White House dodging
Administration charged with withholding info about Cipro incident
Posted: January 11, 2003
1:00 a.m. Eastern
A public-interest law firm says the White House has ignored its request for answers regarding the administration's decision to place White House staff on an anti-anthrax medication the same day as the Sept. 11, 2001, attacks, while workers at a local postal facility were "denied treatment."
Washington, D.C.-based Judicial Watch accused the administration yesterday of stonewalling the group's Freedom of Information Act request for information regarding the White House's decision to put its staff on the powerful antibiotic Cipro the day of the attacks.
"By contrast," Judicial Watch said in a statement, "U.S. Postal Service workers from Washington, D.C.'s Brentwood Postal Facility – Judicial Watch clients – were denied antibiotic treatment, even after it became apparent that the Brentwood facility had been contaminated" with anthrax spores. A pair of letters containing the spores passed through the facility on their way to Capitol Hill.
Two Brentwood postal workers – Joseph P. Curseen, 47, and Thomas L. Morris Jr., 55 – died of inhalation anthrax. The facility recently was renamed in their honor, the Washington Post reported.
The legal watchdog group has accused the administration of protecting itself while denying treatment to the Brentwood postal workers.
"The Bush administration has an established reputation for secrecy and obfuscation when it comes to answering straightforward questions that are clearly in the interest of the American people," said Larry Klayman, the legal group's chairman and general counsel. "Unfortunately, the Bush administration is incredibly even less transparent and accountable than the criminal enterprise the Clintons ran out of the White House during their regime.
"There's a disturbing trend of denying the American public access to information that keeps politicians accountable," he said, adding: "We will not stand for it."
White House officials said Oct. 24, 2001, that local and federal health officials made the Cipro recommendations.
"… The action that has been recommended by local health officials, as well as the Centers for Disease Control, is that Cipro should not be given to anybody unless there is some type of reasonable evidence that they have been in the proximity of something that could have contained anthrax," said White House spokesman Ari Fleischer.
"The determination of the health community is, wherever somebody may have been exposed to anthrax, they will prescribe Cipro as a prophylactic treatment. It is not recommended by the health professionals for anybody [that has] not possibly been exposed," he said.
Officials said about 50 people who worked at a mailroom on the White House grounds received Cipro.
"Despite multiple press reports confirming that White House staff began use of Cipro on Sept. 11, 2001, the incomplete and evasive FOIA response from the White House consisted of a paltry four e-mail messages and an 'administrative alert' concerning testing procedures in reaction to the anthrax deaths of two postal workers, all of which were dated Oct. 23 and Oct. 24, 2001," Judicial Watch said in its statement.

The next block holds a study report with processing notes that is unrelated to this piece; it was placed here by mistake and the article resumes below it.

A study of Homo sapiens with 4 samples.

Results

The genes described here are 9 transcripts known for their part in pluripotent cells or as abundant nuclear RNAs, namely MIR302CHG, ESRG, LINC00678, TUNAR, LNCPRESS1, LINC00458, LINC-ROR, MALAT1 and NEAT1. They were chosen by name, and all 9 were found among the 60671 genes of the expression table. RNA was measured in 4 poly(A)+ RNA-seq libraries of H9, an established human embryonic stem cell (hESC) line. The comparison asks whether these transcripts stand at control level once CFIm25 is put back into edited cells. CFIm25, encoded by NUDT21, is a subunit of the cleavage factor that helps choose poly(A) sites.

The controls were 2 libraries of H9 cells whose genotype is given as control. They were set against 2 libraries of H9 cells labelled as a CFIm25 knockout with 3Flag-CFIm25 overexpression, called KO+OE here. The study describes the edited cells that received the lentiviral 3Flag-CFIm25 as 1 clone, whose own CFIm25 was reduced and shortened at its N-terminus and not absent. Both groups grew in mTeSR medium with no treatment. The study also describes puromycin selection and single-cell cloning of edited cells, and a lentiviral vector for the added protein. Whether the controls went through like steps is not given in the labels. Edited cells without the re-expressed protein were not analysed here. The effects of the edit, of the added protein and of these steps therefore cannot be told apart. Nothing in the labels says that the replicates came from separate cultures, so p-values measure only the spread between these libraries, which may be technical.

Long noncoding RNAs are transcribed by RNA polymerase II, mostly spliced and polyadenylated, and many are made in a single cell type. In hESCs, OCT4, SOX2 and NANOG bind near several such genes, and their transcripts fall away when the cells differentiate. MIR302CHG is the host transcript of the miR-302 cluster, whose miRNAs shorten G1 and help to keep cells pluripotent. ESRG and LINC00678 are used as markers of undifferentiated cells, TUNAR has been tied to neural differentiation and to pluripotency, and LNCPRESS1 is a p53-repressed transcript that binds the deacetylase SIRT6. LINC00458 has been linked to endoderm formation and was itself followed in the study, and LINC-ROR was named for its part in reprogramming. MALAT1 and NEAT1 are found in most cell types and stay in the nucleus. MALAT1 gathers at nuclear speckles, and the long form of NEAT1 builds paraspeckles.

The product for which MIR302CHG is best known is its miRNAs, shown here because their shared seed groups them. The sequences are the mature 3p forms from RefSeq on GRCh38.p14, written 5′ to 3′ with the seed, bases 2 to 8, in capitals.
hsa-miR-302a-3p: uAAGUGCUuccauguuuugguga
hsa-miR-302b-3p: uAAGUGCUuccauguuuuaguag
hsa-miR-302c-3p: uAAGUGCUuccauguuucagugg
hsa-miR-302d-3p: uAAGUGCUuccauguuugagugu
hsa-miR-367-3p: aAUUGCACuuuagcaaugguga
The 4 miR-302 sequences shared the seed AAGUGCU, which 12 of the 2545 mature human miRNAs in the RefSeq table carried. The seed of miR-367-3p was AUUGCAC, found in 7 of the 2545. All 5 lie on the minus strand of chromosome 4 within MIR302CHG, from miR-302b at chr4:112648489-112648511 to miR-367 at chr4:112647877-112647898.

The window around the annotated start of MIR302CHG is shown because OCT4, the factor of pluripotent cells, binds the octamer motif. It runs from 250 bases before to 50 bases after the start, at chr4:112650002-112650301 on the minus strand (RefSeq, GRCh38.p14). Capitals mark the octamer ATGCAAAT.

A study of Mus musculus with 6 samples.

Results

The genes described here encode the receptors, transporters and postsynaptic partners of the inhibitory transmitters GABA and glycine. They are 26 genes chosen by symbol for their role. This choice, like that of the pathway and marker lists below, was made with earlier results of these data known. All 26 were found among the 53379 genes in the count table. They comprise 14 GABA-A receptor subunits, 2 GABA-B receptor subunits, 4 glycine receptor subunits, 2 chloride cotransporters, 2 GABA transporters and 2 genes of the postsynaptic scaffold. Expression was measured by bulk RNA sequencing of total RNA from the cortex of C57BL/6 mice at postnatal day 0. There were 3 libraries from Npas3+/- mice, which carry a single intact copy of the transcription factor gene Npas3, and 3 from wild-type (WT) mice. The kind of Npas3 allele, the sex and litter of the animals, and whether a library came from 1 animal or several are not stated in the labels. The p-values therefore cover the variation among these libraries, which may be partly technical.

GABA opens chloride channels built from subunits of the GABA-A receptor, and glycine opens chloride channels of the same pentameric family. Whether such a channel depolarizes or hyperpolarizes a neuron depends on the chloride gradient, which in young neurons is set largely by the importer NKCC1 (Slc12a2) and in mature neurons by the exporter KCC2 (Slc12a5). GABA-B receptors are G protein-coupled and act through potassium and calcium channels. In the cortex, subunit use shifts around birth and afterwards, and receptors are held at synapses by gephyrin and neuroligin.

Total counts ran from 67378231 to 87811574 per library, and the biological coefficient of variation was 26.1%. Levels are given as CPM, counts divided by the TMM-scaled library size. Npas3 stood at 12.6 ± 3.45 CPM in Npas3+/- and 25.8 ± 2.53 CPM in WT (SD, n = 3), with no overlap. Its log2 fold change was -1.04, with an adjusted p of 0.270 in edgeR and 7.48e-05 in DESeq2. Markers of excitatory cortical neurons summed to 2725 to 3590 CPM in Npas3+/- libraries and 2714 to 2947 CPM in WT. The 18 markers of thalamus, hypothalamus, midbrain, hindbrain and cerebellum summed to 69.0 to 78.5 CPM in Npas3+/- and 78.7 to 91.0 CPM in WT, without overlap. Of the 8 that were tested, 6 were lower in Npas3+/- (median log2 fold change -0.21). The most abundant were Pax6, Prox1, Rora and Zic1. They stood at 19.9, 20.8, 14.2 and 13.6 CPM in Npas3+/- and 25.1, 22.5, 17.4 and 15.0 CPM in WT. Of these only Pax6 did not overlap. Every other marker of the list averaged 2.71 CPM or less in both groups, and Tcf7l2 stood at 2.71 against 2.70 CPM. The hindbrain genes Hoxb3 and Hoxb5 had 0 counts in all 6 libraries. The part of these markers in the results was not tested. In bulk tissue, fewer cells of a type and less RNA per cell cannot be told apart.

The legal group said it "has appealed the FOIA response and will take strong legal action to uncover the truth despite the obstructionist tactics of the administration."
A total of eight postal workers died from anthrax exposure around the country "and hundreds remain harmed by the lethal exposure," Judicial Watch said.
Meanwhile, the Washington Post reported Tuesday that Washington postal worker Leroy Richmond, 58, filed suit against Postmaster General John E. Potter and two other postal managers, alleging they endangered his life by failing to close the Brentwood facility rapidly after anthrax was discovered.
The suit also alleges Potter and his managers acted with "deliberate indifference" to Richmond's safety by failing to close the postal plant. It says postal officials kept the Brentwood Road plant open for several days after an aide to Sen. Thomas A. Daschle, D-S.D., opened an anthrax-laced letter Oct. 15.
Another was sent to Sen. Patrick Leahy, D-Vt., but his was found in a barrel of quarantined mail and was opened at a military laboratory.
An attorney for Richmond, Greg Lattimer, said Richmond was informed Oct. 19 he had contracted an inhalation form of anthrax, but postal officials kept the facility open. It was finally shuttered Oct. 21.
"This is about finding some justice and closure in this case," Richmond, whose battle with anthrax was considered life-threatening, said at a news conference. The suit seeks $100 million in damages.
CNN reported Dec. 21, 2001, that the anthrax contamination at Brentwood was worse than first thought.
"The contamination was even more widespread than had initially been thought to be the case," commented Dr. Rosemary Sokas, associate director of science at the National Institute of Occupational Safety and Health at the Centers for Disease Control and Prevention.
Anthrax spores spread further into the building than first suspected, she said, noting that the "intensity" of the contamination was also worse.
In another development, ABC News reported in November that Iraqi President Saddam Hussein was seeking large amounts of Cipro. The following month, at the urging of the U.S. and Britain, the United Nations Security Council voted 13-0 to add high doses of Cipro to the list of goods Baghdad cannot import without U.N. approval.
Jon E. Dougherty is a staff reporter and columnist for WorldNetDaily.